Carry the assurance forward

Home Minister Rajnath Singh’s statement that the centre will not go against the sentiments of the people of Kashmir on Article 35A has gone a long way to relax the tension that was building up in Valley over the apprehended repeal of the law. Both Chief Minister Mehbooba Mufti and the opposition leader Omar Abdullah have welcomed the home minister’s assurance. So have the common people who looked forward to home minister’s visit to hear just this assurance. Pro-freedom groups, on the other hand, have chosen to not react. But this doesn’t detract from the significance of the home minister’s statement which came just in time to stop the prevailing runaway paranoia over the uncertain fate of Article 35A to plunge Valley into yet another extended unrest.

Singh’s statement was the first public assurance by any top central government functionary about the continuation of the Article 35A, albeit not as specific as Kashmir would have liked it to be. More so, after the state BJP delegation which earlier met the home minister had demanded the abrogation of the law as, according to them, it had been detrimental to the country and the interests of J&K. Also, BJP’s longstanding position on J&K sees the revocation of the Article 370 and the Article 35A as pre-requisites for complete integration of the state into Indian Union.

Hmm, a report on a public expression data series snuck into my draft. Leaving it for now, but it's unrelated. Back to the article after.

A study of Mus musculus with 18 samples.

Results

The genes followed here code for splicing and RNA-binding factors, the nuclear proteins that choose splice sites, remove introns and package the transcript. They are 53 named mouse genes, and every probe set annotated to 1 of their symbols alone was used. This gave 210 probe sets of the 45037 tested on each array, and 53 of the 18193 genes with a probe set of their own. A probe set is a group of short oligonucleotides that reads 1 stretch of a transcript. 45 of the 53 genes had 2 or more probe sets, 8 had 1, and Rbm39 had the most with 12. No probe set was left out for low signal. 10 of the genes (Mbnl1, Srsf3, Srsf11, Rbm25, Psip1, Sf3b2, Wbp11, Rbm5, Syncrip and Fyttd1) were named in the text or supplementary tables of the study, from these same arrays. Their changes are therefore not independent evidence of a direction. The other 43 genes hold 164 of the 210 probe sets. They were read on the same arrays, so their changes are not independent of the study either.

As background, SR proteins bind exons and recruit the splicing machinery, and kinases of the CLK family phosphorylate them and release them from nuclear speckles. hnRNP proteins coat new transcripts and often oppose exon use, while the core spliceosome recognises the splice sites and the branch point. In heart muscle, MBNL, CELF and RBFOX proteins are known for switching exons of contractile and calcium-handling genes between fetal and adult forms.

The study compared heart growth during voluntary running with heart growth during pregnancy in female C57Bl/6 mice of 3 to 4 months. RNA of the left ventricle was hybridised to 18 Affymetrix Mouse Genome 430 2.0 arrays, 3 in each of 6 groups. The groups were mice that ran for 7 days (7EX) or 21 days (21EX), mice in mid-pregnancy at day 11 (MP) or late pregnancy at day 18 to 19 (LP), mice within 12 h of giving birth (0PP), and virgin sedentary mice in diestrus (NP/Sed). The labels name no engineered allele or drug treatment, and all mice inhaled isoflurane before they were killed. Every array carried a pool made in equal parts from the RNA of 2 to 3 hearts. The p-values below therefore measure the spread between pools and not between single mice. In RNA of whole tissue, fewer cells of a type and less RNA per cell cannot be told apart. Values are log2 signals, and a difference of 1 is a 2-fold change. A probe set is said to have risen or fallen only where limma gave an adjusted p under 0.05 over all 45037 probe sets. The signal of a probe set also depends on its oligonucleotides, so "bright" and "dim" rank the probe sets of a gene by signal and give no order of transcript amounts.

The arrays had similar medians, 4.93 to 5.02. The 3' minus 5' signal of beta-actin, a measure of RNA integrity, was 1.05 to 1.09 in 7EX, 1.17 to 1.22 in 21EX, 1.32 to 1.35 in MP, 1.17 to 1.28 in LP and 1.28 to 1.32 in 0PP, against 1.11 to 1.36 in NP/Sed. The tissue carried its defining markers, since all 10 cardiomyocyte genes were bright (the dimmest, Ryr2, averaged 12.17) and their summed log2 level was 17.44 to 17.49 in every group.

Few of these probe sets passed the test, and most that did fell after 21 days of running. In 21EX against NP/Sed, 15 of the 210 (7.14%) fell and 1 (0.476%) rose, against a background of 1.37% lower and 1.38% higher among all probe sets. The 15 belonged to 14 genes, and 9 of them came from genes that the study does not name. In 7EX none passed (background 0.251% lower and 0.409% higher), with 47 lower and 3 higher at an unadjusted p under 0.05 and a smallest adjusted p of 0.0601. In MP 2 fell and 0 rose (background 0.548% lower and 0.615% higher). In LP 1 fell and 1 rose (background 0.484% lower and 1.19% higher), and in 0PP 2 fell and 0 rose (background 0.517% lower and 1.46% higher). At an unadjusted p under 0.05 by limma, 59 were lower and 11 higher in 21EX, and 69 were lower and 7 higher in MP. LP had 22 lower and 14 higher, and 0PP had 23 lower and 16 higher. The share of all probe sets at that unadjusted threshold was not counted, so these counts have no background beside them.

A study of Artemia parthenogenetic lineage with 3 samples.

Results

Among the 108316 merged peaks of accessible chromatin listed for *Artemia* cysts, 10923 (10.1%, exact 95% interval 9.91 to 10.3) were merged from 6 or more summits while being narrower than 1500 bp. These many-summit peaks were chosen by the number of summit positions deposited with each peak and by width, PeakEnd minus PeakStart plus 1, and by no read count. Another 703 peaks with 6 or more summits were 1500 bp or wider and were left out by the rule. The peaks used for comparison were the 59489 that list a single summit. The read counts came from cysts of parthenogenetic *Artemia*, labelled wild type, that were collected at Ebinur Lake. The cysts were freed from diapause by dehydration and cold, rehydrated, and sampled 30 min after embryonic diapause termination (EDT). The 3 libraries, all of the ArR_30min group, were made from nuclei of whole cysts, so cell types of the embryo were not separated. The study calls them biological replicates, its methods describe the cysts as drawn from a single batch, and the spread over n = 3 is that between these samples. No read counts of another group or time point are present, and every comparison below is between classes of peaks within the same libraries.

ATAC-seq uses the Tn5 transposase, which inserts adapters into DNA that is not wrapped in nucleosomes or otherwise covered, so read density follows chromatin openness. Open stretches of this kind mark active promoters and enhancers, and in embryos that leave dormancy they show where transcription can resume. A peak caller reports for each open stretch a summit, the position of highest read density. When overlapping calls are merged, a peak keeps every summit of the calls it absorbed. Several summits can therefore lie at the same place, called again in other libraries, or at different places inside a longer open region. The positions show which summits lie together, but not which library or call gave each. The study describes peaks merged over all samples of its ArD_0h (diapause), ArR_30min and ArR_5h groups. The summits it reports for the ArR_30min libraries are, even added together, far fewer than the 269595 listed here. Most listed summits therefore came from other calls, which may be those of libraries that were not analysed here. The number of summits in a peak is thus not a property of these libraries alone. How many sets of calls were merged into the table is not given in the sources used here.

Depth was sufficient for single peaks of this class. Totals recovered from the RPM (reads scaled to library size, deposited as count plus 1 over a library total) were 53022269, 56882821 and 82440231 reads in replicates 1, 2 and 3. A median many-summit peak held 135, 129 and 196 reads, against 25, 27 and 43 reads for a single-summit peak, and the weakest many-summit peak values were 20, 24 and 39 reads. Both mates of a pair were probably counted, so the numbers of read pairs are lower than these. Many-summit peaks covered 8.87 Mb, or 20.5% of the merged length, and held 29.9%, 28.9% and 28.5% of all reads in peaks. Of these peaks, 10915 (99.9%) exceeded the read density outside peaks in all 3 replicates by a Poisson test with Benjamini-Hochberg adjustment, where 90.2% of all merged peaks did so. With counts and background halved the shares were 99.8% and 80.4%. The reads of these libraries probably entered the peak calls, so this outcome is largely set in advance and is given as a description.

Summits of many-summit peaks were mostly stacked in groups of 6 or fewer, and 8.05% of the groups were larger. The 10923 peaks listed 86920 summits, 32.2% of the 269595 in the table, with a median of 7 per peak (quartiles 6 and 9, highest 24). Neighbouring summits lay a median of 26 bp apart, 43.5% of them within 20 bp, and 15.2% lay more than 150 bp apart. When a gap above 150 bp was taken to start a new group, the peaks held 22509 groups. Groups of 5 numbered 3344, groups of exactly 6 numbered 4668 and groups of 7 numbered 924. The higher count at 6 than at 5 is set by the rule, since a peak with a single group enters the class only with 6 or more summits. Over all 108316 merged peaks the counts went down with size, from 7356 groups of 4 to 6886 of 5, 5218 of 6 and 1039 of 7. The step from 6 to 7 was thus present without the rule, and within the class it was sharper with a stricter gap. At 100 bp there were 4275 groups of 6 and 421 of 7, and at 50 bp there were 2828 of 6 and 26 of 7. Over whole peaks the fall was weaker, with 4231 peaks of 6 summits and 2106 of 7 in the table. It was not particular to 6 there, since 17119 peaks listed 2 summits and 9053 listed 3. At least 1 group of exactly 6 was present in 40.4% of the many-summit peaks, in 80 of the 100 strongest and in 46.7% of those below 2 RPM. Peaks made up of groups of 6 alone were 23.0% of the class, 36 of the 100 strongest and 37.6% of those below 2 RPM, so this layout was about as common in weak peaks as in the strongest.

In fact when the home minister was assuring the journalists that the centre will not do anything which goes against  the sentiments of people of J&K, a senior RSS leader was holding a closed door meeting of Sangh pracharaks in Jammu city to intensify campaign against the continuation of the Article 35A.

Also, after analysing the home minister’s assurance critically, it becomes clear that he stopped short of revealing whether the government would defend the case when it again comes up for hearing in the court. So far, central government has shied away from doing so. Instead the Attorney General of India K K Venugopal told the court that the government wants a larger debate on the law, an observation that triggered alarm bells in Kashmir. Kashmir saw it as a signal that New Delhi was open to tinkering with the law which enables state government to define state subject law and forbids outsiders from settling in the state.

Therefore it is still what the centre does in practice about Article 35A that remains the touchstone about the professed sincerity of its words. People now expect the words to be matched by the deed. And this sentiment was aptly articulated by Omar Abdullah in his tweets shortly after the Singh’s press Conference. He said the Union government “must now file a counter affidavit in the Supreme Court to defend 35-A” to “carry the assurance forward”. This certainly should be the logical next step.